Young people these days seem increasingly difficult to impress. I marvel at the incredible pace at which technology seems to be advancing, yet my own children were quite blasé about the wonders of their new mobile phones. I tried to remember if my own teenage attitude was as cool then as my children’s are now to the breakthroughs that seem to be happening at an ever increasing speed.
What were the landmark inventions that rocked my world when I was young? No, not the wheel, smartarse, I may be old but the only dinosaurs I know are of the blogging variety.
And then as the cogs began to turn, somewhere in the dim recesses of my mind the sound of harp music began to play. In my mind’s eye, three windows were silhouetted against a plain white background. Through the round window I found myself urging…
What? nobody remembers Playschool anymore? Brian Cant would be turning in his grave if he weren’t still alive. Ok, it was way back in 1980 and I still had hair – well, I was only 14…
One of my best mates, John, was the son of a local doctor. Dr Bodley-Scott had the coolest house that simply bristled with an arsenal of all the latest gadgets. It was at the house of the Bodley-Scotts that I became acquainted with (drumroll please!) the VHS video recorder! Ta-ra!
It was also at this futuristic domicile that I encountered the first mobile phone I ever saw, which looked something like this:
Yep, the Bodley-Scotts were probably the coolest people I knew (and the only people I knew with a posh sounding double barrel name) and I simply loved going there.
One fine Saturday I rode my hand-me-down bicycle around to my friend’s house, where his very nice mum made me a fruit smoothie to drink while she got my friend John out of bed. Pretty soon I was joined by three other mates and we all sat drinking smoothies at the kitchen table while we waited for John to surface.
Mrs Bod as we called her said goodbye and went off to tend to her horses leaving us to wait for our friend. John had an older brother called Richard who we held in the highest regard as he wore sunglasses and a leather biker jacket all year round, and rode a Suzuki 125 motorcycle, while the rest of us were still riding push-bikes.
Richard swaggered into the kitchen that morning to a chorus of ‘alright Rich’ and lit a cigarette right there in front of us. “Have you seen this, lads?” he said, pointing to a large chrome and glass box sitting on the kitchen worktop.
“What is it?” I asked innocently, noticing the new contraption for the first time.
“It’s a Microwave Oven,” said Richard with a wicked smile. “Watch carefully.”
He took an egg from the fridge and we gathered around in front of the microwave with absolutely no idea what was going to happen next. With the exaggerated flourish of a stage magician he showed the egg to all of us, then opened the door of the oven. He placed the egg in the middle of the turntable and closed the door, twisting the dial around to the number 10 setting. The microwave began to hum, a light came on inside and the turntable rotated.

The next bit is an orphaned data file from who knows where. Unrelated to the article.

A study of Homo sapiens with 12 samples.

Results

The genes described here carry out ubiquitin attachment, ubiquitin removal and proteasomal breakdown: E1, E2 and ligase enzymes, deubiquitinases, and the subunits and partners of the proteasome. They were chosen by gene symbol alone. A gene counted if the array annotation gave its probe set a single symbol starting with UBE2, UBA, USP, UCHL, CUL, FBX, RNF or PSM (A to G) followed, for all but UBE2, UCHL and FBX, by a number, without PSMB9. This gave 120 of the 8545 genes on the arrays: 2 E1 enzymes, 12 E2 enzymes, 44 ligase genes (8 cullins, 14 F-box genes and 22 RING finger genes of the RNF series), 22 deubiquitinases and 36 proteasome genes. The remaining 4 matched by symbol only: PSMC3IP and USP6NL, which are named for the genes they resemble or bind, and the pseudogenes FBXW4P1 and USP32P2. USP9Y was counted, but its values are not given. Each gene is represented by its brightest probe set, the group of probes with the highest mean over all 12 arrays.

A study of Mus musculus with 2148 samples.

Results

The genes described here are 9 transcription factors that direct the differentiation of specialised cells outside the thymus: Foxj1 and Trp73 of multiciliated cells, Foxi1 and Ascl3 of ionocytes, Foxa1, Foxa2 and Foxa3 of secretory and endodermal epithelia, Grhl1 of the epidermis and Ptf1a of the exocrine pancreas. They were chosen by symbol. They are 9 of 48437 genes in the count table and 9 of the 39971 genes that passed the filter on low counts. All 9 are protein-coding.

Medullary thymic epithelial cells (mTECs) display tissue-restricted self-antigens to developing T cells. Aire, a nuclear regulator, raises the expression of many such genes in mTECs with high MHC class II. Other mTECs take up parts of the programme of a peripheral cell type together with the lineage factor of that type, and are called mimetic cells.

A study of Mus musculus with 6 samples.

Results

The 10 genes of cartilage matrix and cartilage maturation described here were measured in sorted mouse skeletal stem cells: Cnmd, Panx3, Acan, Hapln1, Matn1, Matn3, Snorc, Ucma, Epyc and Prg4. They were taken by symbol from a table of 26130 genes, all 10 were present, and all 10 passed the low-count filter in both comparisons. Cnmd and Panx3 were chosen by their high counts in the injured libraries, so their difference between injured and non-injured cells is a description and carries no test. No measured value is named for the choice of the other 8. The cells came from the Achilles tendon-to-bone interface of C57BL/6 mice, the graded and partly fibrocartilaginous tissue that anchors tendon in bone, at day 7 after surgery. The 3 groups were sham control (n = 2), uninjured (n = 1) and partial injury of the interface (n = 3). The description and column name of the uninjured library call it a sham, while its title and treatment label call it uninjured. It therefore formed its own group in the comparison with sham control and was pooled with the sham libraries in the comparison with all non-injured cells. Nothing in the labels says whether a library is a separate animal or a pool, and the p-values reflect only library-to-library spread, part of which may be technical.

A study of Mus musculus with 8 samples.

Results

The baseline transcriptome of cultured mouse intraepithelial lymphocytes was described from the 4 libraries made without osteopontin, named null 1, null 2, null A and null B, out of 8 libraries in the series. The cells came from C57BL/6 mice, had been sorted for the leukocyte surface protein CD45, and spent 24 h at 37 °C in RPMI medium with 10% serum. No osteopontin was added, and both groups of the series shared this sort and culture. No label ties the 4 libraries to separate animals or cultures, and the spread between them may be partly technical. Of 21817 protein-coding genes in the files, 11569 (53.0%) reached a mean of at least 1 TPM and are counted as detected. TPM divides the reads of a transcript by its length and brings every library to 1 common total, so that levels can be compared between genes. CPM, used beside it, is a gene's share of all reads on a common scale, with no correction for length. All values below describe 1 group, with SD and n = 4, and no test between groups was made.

“Cool!” we said, already greatly impressed. Rich stood back, crossed his arms and waited as the four of us crowded around the glass door. The egg turned, the microwave hummed and we waited.
Richard began to frown, the demonstration was clearly not going entirely to his satisfaction, but he said nothing. Presently, a bell ‘tinged’, the light went out, the hum subsided and the turntable stopped rotating. We sat and waited straining to see if anything had changed, but the egg remained just as brown and egg shaped as before.
“That’s odd,” said Rich, opening the glass door. He reached in to pick up the egg but withdrew his had immediately. “Shit, that’s hot!” he said, shaking his fingers. The egg, disturbed by his touch, rolled ever so slowly in a gentle zig-zag motion towards us, only to stop upon making contact with the raised rim of the turntable.
And then it happened. The egg exploded with what seemed to be the force of a tiny hand grenade going off. It boomed like a firework, spraying tiny fragments of egg and shell hurtling forth in all directions, coating the insides of the oven and splattering our terrified faces.
It took a long time to pick all the pieces of egg and shell fragment out of our hair and eyebrows and I was trembling for some time after, and laughing so much that I was probably bordering on the hysterical.
I look back with a smile on my introduction to microwave technology, even it did leave me quite literally, with egg on my face. We were more excited by technology in those days, maybe because things changed so very much in such a short time. There was less technology around, so there was less opportunity to be desensitized to change when it happened less frequently.
We don’t seem to marvel at new discoveries anymore. Instead of greeting breakthroughs with wide eyed wonder we have come to expect improvement, and isn’t that a shame?